Tuesday, June 09, 2009


GRIEVANCE: Claims stimulus money is being spent the wrong way.

By Connie Llanos, Staff Writer | Los Angeles Newspaper Group (Daily News)

Los Angeles teacher union officials filed 14 complaints against the L.A. Unified School District on Monday, claiming it allowed schools to spend too much federal stimulus money on out-of-classroom jobs, which they said would boost class sizes and jeopardize learning.

School district officials, who have a number of days to respond to the complaints, permitted individual schools to use federal stimulus money to buy back a number of teachers and other workers whose jobs were set to be eliminated because of budget cuts.

smf update 6/9 7:15 am: The Complaint/Grievances – or Uniform Complaint Procedure (UCP) filings per MEM-4210.0 - will be made later today according to UTLA President A.J. Duffy – and are based on allegations that administrators at school sites, local districts and/or the central office exceeded their authority in overruling School Site Council decisions to rehire staff.

“Complaint: A written and signed statement alleging a violation of federal or state laws or regulations, which may include an allegation of unlawful discrimination.”

- MEM-4210.0

In common usage the tern “Grievance” is usually applied to alleged violations of the LAUSD/UTLA Union Contract.

The UCP process is open to everyone, not just UTLA.

At the end of the buyback program, a total of 2,668 teaching, counseling and other jobs were bought back in the district, and 1,056 of them were out-of-classroom jobs, LAUSD officials said Monday.

The union says the number is even more alarming in elementary schools, where 636 in-classroom jobs and 674 non-teaching, out-of-classroom jobs were bought back.

"If we get to July 1 and these decisions are not revoked, parents are going to walk into their schools and they are going to go ballistic when they see what this is has done to class sizes," said UTLA president A.J. Duffy.

Still, Los Angeles Unified officials said individual schools had the freedom to make the decisions, which the district would respect.

"This is what reform looks like," Superintendent Ramon Cortines said. "This action empowered teachers, principals, parents, and students to determine their schools' priorities and what they will look like in 2009-2010.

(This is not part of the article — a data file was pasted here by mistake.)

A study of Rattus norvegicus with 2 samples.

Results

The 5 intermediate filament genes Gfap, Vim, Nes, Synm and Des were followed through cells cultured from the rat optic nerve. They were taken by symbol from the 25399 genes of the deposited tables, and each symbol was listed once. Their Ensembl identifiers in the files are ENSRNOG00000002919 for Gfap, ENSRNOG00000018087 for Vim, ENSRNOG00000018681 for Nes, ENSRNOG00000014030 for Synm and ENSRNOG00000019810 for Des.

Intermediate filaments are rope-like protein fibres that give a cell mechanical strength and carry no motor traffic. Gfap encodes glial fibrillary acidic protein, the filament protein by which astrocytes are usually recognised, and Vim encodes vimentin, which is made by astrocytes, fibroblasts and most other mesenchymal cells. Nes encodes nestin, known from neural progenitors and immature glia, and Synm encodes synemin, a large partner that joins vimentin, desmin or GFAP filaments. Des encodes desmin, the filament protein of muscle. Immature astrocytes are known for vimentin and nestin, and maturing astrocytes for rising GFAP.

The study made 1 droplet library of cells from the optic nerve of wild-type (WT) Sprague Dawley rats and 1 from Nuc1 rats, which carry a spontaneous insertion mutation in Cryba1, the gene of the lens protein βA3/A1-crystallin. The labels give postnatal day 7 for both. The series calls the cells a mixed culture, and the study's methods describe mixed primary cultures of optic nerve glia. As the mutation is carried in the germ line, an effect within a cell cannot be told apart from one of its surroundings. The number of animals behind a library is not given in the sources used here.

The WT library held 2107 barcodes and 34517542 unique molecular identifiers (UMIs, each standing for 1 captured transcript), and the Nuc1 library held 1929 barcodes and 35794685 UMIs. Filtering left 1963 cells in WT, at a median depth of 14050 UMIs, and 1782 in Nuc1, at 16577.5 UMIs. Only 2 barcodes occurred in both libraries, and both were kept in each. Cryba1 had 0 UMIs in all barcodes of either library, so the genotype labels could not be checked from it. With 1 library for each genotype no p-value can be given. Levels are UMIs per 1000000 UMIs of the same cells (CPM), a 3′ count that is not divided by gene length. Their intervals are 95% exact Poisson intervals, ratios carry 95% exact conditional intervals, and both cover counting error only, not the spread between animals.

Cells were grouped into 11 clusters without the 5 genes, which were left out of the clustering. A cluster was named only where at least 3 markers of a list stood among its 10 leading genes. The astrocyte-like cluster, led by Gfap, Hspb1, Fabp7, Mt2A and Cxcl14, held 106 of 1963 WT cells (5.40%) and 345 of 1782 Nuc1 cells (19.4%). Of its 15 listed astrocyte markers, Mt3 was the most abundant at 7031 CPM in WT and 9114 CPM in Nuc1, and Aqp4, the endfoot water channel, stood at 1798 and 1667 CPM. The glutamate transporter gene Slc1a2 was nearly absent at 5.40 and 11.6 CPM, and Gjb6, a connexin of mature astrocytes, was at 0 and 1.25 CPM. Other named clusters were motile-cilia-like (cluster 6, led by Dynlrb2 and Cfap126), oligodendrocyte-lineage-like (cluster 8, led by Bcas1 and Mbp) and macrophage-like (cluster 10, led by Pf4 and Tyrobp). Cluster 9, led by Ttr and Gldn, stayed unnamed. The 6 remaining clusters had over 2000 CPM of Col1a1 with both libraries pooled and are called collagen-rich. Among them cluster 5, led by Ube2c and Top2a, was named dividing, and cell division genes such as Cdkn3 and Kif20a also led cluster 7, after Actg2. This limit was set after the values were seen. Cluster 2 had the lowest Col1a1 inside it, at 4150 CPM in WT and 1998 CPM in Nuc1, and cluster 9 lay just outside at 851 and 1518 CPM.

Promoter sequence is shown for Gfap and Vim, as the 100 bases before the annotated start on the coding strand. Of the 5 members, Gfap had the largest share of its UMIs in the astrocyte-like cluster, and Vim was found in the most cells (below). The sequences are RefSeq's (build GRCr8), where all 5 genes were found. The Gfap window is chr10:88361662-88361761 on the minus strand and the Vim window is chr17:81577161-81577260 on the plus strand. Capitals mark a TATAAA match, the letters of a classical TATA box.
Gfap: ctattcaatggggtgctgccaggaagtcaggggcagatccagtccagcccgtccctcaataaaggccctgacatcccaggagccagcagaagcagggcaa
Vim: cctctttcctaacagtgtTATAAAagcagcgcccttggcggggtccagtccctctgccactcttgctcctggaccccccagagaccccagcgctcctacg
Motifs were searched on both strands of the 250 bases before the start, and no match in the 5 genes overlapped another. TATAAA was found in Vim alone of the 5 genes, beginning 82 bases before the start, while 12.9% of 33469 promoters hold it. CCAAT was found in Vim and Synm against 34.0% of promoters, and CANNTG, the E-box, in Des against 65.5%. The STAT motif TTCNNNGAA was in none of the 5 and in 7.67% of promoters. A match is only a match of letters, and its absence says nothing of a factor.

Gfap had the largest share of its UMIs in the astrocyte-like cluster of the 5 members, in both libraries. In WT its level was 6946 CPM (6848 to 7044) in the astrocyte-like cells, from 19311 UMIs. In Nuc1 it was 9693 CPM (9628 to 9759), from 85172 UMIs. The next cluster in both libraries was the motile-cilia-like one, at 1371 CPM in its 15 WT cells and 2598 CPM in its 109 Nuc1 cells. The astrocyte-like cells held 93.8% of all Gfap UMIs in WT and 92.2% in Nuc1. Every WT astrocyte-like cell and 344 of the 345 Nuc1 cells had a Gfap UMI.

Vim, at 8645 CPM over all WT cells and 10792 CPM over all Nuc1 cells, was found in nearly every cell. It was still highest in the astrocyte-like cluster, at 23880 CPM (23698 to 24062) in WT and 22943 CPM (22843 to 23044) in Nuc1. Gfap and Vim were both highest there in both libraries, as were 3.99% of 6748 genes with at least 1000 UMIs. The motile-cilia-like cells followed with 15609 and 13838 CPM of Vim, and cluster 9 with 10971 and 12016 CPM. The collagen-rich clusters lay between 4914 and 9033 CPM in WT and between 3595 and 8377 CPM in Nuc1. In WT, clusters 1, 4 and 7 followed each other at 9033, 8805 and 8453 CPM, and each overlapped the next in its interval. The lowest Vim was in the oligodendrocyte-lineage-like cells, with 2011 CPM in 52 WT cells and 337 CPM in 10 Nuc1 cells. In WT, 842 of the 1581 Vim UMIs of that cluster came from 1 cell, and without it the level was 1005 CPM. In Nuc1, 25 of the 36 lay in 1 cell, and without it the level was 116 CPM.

"It gives all schools a greater voice in how LAUSD money is spent," Cortines said. "And, UTLA members have been at the table during these individual school site council discussions."

The district's teacher buyback plan was an effort to bring more local control to schools by letting school site councils - which include parents, teachers and administrators - at each campus decide what positions to save with their portion of the district's $1billion in federal stimulus money.

The plan helped save nearly 2,700 jobs, bringing the total number of layoffs at the school district to about 4,400 - half of what was approved by the L.A. board of education in April to close a $596 million budget gap.

While district officials say the program was a success, union officials claim some of these decisions were not made by school site councils but by principals and local district administrators.

Mark Gendernalik, a teacher at Shirley Avenue Elementary in Reseda for 11 years, said his school site council agreed to forgo buying teachers to instead purchase teacher's assistants and compromised with administrators by voting in favor of two part-time, out-of-classroom positions.

But Gendernalik said his school's final budget now includes a "data coach", an out-of-classroom position created by the district this year that is dedicated to collecting student data at an individual campus.

He feels the decision is indicative of the struggles faced by school site councils even as the district moves toward more autonomous campuses.

"There has been a refusal to recognize the authority of school site councils," he said. "I've sat through school site councils with three different principals and they have all maintained that school site councils are advisory, that they have no authority over the budget, and that's simply not true."